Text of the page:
By Carol Altmann
A simple question – “what ever happened to…” – has uncovered a story about the retrieval of a well-known sculpture taken from Warrnambool, while also shining a light on the artist who made it.
The 3 metre tall copper sculpture, Metamorphosis, was installed on the eastern wall of the Fletcher Jones factory in Warrnambool on August 1, 1967 – the same year as the famous silver ball water tower was built just metres away.
The pair looked down on the factory workers, East Warrnambool school kids and passersby for more than 25 years until the collapse of Fletcher Jones saw the business taken over by Pelaco and the buildings sold to the Warrnambool City Council.
Bluestone recently posted a 1967 photo of the silver ball and sculpture to the Facebook page, Save the Silver Ball and Fletchers Gardens, which prompted a question from one follower: “whatever happened to that sculpture?”
Before long, the answer was provided by Lesena Selvage: it sits on an eastern wall of the South-West TAFE building, overlooking Gilles St, which is just one letter away from the name of the artist who created Metamorphosis, Derek Giles.
But what has never been revealed, until now, is that the sculpture was taken from Warrnambool to Melbourne and it was only through the dogged determination of the late David Jones, son of Sir Fletcher, that it was returned.
Letters penned by David Jones reveal that he became aware by early 2007 that the sculpture had been removed by Pelaco and shipped to its factory in Maidstone, Melbourne.
While David didn’t name Pelaco, he urged the council to do all it could to ensure the sculpture was returned from “the company”.
“As chairman of (the City Art Advisory) committee and because of my past association with the Pleasant Hill establishment, I express my deep concern that this object has been taken from Warrnambool,” he wrote to then chief executive of council, Lindsay Merritt in February 2007.
“My understanding of the sale of the Pleasant Hill site to the WCC in the early 90s was that the infrastructure including the buildings and the gardens were transferred into the ownership of the city. I cannot imagine why the company could or should have formed the view that they had ownership of this sculpture.
“I request that you take whatever action is necessary to recover the sculpture and that the City Art Committee select a new site for the work.”
By December that same year, little progress had been made, despite the issue being raised by the City Art Committee at least four times.
It appears a clearly frustrated David Jones did what any self-respecting supporter of local arts would do and approached the media to apply a little more heat to the flame.
A story ran in the local newspaper on 28 December 2007, asking people to help locate one of the city’s “most unusual artworks” that had “gone missing”.
“It’s 40 years old, a unique piece and worth several thousand dollars, but more importantly it’s owned by the citizens of Warrnambool and we should make every attempt to recover it,” David is quoted as saying.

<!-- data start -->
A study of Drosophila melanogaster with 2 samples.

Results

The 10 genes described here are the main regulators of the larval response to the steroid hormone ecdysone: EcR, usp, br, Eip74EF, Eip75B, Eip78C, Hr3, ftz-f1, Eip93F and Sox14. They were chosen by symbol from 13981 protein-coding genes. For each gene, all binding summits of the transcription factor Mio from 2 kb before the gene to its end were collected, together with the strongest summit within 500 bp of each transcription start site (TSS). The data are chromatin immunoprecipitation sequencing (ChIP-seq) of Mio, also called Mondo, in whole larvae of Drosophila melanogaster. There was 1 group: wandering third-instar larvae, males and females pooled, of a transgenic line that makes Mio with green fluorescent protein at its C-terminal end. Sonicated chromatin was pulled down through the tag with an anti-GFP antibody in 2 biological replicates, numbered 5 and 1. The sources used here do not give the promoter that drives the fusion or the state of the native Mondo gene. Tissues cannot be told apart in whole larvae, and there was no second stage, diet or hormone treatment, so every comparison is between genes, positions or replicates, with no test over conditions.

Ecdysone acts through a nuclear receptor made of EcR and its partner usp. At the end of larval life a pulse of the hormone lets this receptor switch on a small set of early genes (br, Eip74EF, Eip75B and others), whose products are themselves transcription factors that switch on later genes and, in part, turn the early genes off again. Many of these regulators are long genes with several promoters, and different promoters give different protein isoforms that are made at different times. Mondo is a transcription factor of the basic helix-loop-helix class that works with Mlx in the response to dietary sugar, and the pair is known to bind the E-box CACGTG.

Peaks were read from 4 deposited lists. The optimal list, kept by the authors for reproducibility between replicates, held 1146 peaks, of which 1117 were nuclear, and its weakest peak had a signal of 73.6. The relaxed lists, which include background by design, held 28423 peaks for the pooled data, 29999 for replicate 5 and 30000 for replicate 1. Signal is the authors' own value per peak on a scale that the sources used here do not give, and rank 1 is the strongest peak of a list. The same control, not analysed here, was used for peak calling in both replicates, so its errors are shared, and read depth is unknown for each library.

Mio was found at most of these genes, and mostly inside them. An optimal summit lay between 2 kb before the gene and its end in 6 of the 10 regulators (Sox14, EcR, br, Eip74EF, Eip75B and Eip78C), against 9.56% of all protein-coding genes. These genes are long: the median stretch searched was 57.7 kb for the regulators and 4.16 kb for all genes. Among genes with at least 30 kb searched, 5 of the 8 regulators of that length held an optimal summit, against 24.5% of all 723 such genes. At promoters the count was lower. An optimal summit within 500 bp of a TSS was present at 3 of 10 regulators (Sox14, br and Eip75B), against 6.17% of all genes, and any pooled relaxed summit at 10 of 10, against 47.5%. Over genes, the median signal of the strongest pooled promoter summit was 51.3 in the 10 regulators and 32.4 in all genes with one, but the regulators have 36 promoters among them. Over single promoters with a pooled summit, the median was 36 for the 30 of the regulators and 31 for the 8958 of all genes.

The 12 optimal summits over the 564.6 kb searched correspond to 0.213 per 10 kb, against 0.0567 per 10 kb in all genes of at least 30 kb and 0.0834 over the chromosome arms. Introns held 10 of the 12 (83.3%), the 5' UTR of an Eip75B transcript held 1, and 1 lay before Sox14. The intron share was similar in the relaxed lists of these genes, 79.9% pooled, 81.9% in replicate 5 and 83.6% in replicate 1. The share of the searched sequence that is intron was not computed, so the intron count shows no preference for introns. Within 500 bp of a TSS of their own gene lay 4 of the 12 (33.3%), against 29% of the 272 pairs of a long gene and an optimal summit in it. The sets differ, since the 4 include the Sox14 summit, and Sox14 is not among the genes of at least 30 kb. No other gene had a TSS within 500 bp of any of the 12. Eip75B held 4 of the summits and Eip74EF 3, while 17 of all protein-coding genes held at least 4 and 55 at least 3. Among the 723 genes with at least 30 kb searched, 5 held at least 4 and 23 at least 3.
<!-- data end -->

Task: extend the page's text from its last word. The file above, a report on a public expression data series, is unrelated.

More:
The story ended with a request for “anyone with information” to contact the council or David, even though both knew exactly where the sculpture was.
David’s tactic clearly worked, because within 12 months the sculpture was back home – we are not sure how it was finally retrieved – and discussions were underway with the City Art Committee as to where it should be displayed.
South-West TAFE was chosen because of Derek Giles’ links to the art school.
It has long been thought that Derek Giles was an art teacher at the Warrnambool Technical College (now TAFE), but in fact he was a primary school teacher who lived with his wife and young family near the Fletcher Jones factory and who studied art as a mature-age student.
I actually helped Dad build it,” said Derek’s oldest son, David Giles, by phone from Melbourne.
“It was put together in our garage (in Emma Ave) and I would hold bit this and that bit, while Dad kept saying ‘don’t look at the flame, don’t look at the flame,'” he laughed.
David, one of four children, was in Grade 6 at the time and, from what he understands, the commission came about through his mother, Meryl.
“My mother worked as a secretary to David Jones for about 12 months and I think one of Dad’s penultimate assignments for his art course was to produce a work, so Mum approached David to see if Dad could make him a sculpture,” he said.
Derek Giles, who was born in Melbourne, taught in primary schools around the south-west in the 1960s, including Port Fairy Consolidated and Warrnambool Primary School, but always had a penchant for art and worked across a range of mediums.
“Metamorphosis is a wonderful connection to Warrnambool for the whole family: it is a real focal point,” David said.
“As kids, we always thought of it as Dad’s sculpture…(but) not really being art aficionados, we joked that he had made a high-rise for the birds, because they used to love to roost in the horizontal panels when it was mounted on the wall.”
Derek Giles died in 1993, at the age of 58.
There is little doubt that had David Jones not pushed for the return of Metamorphosis, it would have been gone for good, with the Pelaco factory at Maidstone since closed.
Later this year the Giles family will complete the final vision that both they, and David, had for the sculpture, which is to install a simple plaque naming him as the artist.
I would like to acknowledge retired art academic Ross Gray and Warrnambool Art Gallery Curator Murray Bowes for their assistance with this story.